Sunday, June 17, 2012
Well, another week has come and gone here in the winter of South Africa. Unfortunately, due to limited bandwidth here at my cottage I cannot use Skype and therefore cannot upload any new pictures to include in my blog entries.
The days are starting to pass more quickly, but I wouldn’t say that I am busy or having the time of my life. I am very cognizant of the fact that this summer is part of my graduate school degree, well frankly, because it feels like it. It’s just something I have to do. Fortunately, my past experiences, thought processes, and general attitude towards life have trained me well to deal with this type of lifestyle, and each morning I generally awake feeling positive, and each night when I go to bed I am thankful for a warm home and the chance to learn about another place.
Now that I have that off my chest, I will spare you readers any more emotional discussion and describe a few activities and events that I have experienced in the past week.
Last Saturday, my lovely supervisor picked up so that I could accompany her on her errands for the day so I could see more of the city. I was pleased to do this, as running errands with my mom at home has always been a favorite activity of mine, even though I know most people find it boring. We headed straight out of town to an industrial part of the city that was apparently home to a fancy cheese and wine shop. Everyone in the shop reflected the diversity of this place, but all were there in the pursuit of imports from France and Italy. As we waited in line, my supervisor encouraged me to shop, but I just laughed and said I couldn’t imagine giving my university a meal receipt from this particular shop. Our next destination was Chinatown. As soon as we got out the car, I immediately felt at home, as I felt I was in Asia. There was no sign of Africa to be found! Actually it was rather bizarre. After purchasing some cheap vegetables at the Chinese stalls, we stumbled along a Thai Supermarket. Wow, talk about feeling at home, it was like I had reentered the shops in my nearest city during Peace Corps. Immediately, I started speaking in Thai with the shopkeepers and grabbing all the snacks and drinks I could fit in my basket. I also picked up some fresh spring rolls for dinner that night. Delicious! Moving on with the day, we sat down to lunch at a dim sum restaurant and had great conversations about Peace Corps (my supervisor is a returned volunteer and also used to work for PC South Africa). Never slowing down we headed to a few shopping malls to do grocery shopping and again I felt like there was no way I could be in Africa. The prices are almost the same as at home, and the only thing I was missing in my cart was sliced turkey!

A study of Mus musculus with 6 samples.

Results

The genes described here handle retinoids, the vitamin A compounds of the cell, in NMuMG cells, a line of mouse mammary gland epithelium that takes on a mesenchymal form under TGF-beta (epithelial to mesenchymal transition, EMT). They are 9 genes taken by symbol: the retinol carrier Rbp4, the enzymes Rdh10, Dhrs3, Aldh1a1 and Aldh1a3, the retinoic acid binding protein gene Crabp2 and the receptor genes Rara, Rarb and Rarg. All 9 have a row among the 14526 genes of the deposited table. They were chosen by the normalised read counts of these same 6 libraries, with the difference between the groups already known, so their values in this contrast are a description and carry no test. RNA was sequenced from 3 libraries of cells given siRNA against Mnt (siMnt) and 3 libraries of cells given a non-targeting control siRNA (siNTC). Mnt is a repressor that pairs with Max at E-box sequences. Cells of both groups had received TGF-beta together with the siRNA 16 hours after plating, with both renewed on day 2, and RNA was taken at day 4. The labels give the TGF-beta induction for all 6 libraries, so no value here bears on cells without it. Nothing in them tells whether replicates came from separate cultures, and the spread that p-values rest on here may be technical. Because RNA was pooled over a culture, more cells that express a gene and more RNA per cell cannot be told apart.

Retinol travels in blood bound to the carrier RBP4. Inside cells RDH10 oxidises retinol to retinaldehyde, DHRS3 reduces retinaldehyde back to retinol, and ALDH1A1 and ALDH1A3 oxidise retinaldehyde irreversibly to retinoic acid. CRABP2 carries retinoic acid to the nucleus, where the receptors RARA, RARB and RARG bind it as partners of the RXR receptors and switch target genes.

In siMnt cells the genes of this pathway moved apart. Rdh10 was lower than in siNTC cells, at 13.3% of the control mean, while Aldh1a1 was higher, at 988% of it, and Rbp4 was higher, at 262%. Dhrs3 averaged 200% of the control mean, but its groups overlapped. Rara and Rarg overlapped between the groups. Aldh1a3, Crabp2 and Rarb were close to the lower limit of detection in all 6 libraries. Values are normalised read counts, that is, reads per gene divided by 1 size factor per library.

The next few days passed uneventfully as I am now quite used to my commute, my cottage, and other aspects of my daily life here. When Friday finally rolled around I was thrilled. I had made arrangements to meet one of the consultants who helped everyone in our program get our internships for an early breakfast at a Rosebank hotel. She was in town for business for her NGO in India and it was an opportunity that we couldn’t pass up. What a small world! After a great breakfast and great conversation we joined her colleagues and proceeded to meet my colleagues to go and visit one of the CBOs (Community Based Organization) that our NGO supports. The organization is staffed by passionate and energetic folks and I really enjoyed learning more about their HIV programming. After a quick meeting and tea, we all piled into cars and headed out to Soweto to see their mobile testing center and a clinic. Somewhere along the way we got quite lost, but I didn’t mind as this was my first adventure out of the office in 3 weeks. We finally arrived and got a tour of a very busy clinic. Next we headed down the paths into the township dodging the dead rats in the street, children playing and stray dogs to visit the home of a woman living with HIV but also acting as caretaker for others with the disease. The home was in ok condition compared to some of the tin shacks we had passed and fairly clean. During my time in Peace Corps I became comfortable working with people with HIV but this group seemed worse off. It seems that in Thailand, people have more or better access to early testing and ARVs and by comparison these people seemed very sick. Just listening to their stories really drove home the fact that the epidemic here really is one of the worst in the world. In this area 1 in 5 persons is positive.
The visit was great in a number of regards, but it really got me thinking. It was rather awkward to be a visitor to a community project, as in the past I am used to being part of programming and implementation. Now I was one of the people that I was used to hosting! It really made me think about what I want in my future in terms of this work, and I hope that I can strike a balance between doing policy and management and still participating in, supporting, or doing field work.
This weekend was spent relaxing, but I did have the chance to attend a gathering of folks where we watched the South African Springboks (rugby) defeat the Brits. I knew nothing about rugby before the game but actually was able to catch on and think I may start following the sport….at the very least I will cheer on the Boks! During the game we had great champagne cocktails and had a homemade Indian meal for dinner. It was great fun for me and I had a chance to meet and chat with some really interesting folks.
I hope my adventures and activities begin to pick up and happen with more frequency as I only have 7 weeks left here!